EGU21-215, updated on 03 Mar 2021
EGU General Assembly 2021
© Author(s) 2021. This work is distributed under
the Creative Commons Attribution 4.0 License.

Exploring farm pond dynamics in low-order agricultural watersheds: A synthetic analysis and process-based modeling

Wenjun Chen1,2, Daniel Nover3, Josefin Thorslund4, Jerker Jarsjö4, Haw Yen5, Pingping Luo6, and Bin He2,7
Wenjun Chen et al.
  • 1Jinling Institute of Technology, 99 Hongjing Road, Nanjing 211169, China (,
  • 2Key Laboratory of Watershed Geographic Science, Nanjing Institute of Geography and Limnology, Chinese Academy of Sciences, Nanjing 210008, China
  • 3School of Engineering, University of California Merced, Merced, CA 95343, USA
  • 4Department of Physical Geography and the Bolin Centre for Climate Research, Stockholm University, SE-106 91, Stockholm, Sweden
  • 5Blackland Research and Extension Center, Texas A&M Agrilife Research, Texas A&M University, Temple, TX 76502, USA
  • 6Key Laboratory of Subsurface Hydrology and Ecological Effects in Arid Region, Ministry of Education, Chang’an University, Xi’an 710064, China
  • 7Guangdong Institute of Eco-environmental Science & Technology, Guangdong Academy of Sciences, Guangzhou 510650, China

Farm ponds, which are sometimes numerous and widely distributed in agricultural regions, have faced widespread degradation in recent decades. Although relevant conservation strategies have gradually increased, detailed assessments on their roles in regional biogeochemistry and ecology are lacking. We concluded that farm ponds provided hydrologic, biogeochemical, and socioeconomic benefits to southern China for thousands of years, but they are facing contemporary threats and management challenges, including (1) inadequate planning in terms of construction and conservation regulations; (2) rural nonpoint source and mini-point source pollution; (3) climate change-induced abnormalities in the hydroperiod and disturbance to wildlife; (4) invasive species; and (5) inadequate social and political capacity to consider ecological conservation. As farm ponds function as wetland complexes that are embedded within or integral to larger ecosystems, we recommend multi-disciplinary efforts over scales ranging from within-pond to regional for their assessment and conservation.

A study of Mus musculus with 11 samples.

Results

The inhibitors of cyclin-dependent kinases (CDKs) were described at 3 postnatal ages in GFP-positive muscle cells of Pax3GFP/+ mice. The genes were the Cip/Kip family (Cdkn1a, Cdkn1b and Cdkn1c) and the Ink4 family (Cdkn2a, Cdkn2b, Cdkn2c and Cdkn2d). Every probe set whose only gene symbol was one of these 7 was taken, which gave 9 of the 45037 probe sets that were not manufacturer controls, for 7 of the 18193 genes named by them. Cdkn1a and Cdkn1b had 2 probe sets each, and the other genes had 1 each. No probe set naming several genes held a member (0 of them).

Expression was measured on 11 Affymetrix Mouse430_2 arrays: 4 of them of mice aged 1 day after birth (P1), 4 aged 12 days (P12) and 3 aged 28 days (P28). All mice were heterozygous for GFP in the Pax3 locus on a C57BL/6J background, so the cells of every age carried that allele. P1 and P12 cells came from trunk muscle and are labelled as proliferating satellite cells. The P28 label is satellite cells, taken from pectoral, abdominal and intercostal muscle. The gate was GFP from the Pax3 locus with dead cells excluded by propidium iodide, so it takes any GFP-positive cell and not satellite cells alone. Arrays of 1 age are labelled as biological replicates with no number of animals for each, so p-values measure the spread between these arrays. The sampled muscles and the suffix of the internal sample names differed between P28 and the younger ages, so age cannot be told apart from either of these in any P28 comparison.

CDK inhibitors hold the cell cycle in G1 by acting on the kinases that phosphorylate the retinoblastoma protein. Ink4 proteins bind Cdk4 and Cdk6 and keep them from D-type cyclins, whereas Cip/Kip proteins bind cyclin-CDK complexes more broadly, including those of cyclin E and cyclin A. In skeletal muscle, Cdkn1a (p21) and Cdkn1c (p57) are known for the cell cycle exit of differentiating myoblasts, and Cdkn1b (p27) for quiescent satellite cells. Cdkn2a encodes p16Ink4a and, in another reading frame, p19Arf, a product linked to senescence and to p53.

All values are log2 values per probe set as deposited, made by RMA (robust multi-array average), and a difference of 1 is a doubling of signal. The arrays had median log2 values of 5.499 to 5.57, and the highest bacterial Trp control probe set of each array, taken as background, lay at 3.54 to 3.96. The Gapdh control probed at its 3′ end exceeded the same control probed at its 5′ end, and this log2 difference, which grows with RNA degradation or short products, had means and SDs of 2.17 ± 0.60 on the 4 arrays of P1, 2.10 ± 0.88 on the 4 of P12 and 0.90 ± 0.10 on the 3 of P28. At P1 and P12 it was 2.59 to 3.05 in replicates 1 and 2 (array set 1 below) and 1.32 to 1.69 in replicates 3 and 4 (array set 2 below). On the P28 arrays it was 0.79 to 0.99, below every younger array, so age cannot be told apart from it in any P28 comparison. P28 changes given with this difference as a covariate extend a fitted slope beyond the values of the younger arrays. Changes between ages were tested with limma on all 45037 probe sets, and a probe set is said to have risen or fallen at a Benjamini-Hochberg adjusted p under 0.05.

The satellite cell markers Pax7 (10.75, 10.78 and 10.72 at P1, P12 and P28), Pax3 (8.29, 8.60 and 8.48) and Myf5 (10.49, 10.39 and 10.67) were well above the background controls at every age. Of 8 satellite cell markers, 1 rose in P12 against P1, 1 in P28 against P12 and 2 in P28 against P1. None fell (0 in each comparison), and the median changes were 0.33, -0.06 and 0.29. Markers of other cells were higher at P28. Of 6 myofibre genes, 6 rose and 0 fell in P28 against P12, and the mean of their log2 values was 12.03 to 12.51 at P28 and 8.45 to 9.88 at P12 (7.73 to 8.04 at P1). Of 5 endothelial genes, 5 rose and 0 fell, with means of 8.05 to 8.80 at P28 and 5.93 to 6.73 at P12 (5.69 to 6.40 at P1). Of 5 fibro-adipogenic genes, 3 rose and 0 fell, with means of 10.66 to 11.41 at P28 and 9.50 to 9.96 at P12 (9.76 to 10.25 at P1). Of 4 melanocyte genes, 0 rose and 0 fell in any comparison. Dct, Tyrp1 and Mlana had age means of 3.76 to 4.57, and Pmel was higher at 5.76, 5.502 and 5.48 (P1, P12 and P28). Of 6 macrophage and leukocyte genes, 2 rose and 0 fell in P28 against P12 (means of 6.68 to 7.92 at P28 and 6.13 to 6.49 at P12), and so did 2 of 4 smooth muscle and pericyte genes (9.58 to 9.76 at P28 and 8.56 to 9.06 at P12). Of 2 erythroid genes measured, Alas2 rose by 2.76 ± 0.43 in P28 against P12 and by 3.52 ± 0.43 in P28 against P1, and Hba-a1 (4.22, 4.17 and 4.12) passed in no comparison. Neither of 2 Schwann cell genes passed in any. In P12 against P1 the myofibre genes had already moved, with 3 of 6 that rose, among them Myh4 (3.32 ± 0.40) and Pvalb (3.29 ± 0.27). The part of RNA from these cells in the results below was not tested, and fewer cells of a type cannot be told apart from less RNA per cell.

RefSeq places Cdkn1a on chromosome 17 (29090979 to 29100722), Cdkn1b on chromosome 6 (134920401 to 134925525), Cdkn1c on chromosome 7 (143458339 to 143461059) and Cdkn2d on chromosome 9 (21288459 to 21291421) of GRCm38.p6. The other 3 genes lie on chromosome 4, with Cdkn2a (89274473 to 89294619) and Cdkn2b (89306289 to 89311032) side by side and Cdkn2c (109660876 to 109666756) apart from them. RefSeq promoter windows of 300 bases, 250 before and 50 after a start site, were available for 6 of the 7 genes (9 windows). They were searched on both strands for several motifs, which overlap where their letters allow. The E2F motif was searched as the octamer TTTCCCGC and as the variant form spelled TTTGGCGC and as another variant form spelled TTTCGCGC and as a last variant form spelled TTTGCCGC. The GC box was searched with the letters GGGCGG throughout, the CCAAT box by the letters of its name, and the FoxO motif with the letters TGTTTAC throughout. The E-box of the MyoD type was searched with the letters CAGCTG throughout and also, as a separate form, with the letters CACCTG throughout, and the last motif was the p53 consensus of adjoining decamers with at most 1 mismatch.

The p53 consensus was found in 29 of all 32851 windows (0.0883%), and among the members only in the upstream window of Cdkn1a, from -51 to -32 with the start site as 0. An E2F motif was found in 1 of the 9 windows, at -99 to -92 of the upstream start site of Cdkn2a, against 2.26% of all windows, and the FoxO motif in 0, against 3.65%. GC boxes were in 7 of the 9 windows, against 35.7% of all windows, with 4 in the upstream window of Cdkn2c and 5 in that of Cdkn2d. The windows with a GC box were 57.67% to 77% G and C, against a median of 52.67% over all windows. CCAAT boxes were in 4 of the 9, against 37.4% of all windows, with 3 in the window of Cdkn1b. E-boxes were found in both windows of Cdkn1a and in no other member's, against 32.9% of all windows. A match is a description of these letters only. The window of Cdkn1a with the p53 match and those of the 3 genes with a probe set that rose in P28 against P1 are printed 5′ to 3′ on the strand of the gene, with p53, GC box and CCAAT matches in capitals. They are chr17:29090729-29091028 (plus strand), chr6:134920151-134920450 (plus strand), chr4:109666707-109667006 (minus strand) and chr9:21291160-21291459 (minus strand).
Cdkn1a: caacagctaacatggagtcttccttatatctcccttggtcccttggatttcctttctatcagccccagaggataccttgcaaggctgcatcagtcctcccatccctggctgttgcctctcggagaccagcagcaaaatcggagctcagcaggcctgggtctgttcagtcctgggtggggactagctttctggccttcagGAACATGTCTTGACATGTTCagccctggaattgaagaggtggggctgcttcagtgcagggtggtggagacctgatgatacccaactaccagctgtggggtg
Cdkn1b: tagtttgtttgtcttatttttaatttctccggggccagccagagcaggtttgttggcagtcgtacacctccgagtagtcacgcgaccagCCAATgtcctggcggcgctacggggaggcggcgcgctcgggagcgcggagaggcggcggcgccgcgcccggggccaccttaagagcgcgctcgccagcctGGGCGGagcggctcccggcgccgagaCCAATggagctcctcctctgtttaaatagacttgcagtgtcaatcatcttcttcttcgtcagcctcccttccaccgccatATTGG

Excessive nitrogen (N) discharge from agriculture is a major factor of widespread problems in aquatic ecosystems. Knowledge of spatiotemporal patterns and source attribution of N pollution in these small, scattered ponds is a critical first step for nutrient management and ecosystem health in low-order agricultural watersheds. We applied the process-based HSPF model for ponds, ditches, and downstream waters in a 4.8 km2 test watershed in southern China. The results exhibited distinctive spatial-seasonal variations with an overall seriousness rank for the three indicators: total nitrogen (TN) > nitrate/nitrite nitrogen (NOx--N) > ammonia nitrogen (NH3-N). TN pollution was severe for the entire watershed, while NOx--N pollution was significant for ponds and ditches far from the village, and the NH3-N concentrations were acceptable except for the ponds near the village in summer. Although food and cash crop production accounted for the largest source of N loads, we discovered that mini-point pollution sources, including animal feeding operations, rural residential sewage, and waste, together contributed as high as 47% of the TN and NH3-N loads in ponds and ditches.

Our synthetic analysis and process-based modeling studies focused on farm ponds in an agriculturally dominated developing country (China), but similar small, scattered wetlands and their degradation trends are observed worldwide (e.g., vernal pools and prairie potholes in North American, farm ponds in Western and Central Europe, and chain of natural pond system in Australia). Nature-based solutions are becoming increasingly recognized as important for addressing the complex challenges in hydrology, ecology, and biodiversity under anthropogenic and climatic pressures. Apart from proposed conservation policies, including public awareness building, top-down regulations and bottom-up engagement, and sustainable management and utilization, we are also trying techniques that involve interconnected smart sensors and integrated modeling methods to better understand pond hydrological processes. We believe that such solutions can provide a basis for the numerical assessments on their ecosystem services and associated conservation cost analyses.

How to cite: Chen, W., Nover, D., Thorslund, J., Jarsjö, J., Yen, H., Luo, P., and He, B.: Exploring farm pond dynamics in low-order agricultural watersheds: A synthetic analysis and process-based modeling, EGU General Assembly 2021, online, 19–30 Apr 2021, EGU21-215,, 2020.

Corresponding presentation materials formerly uploaded have been withdrawn.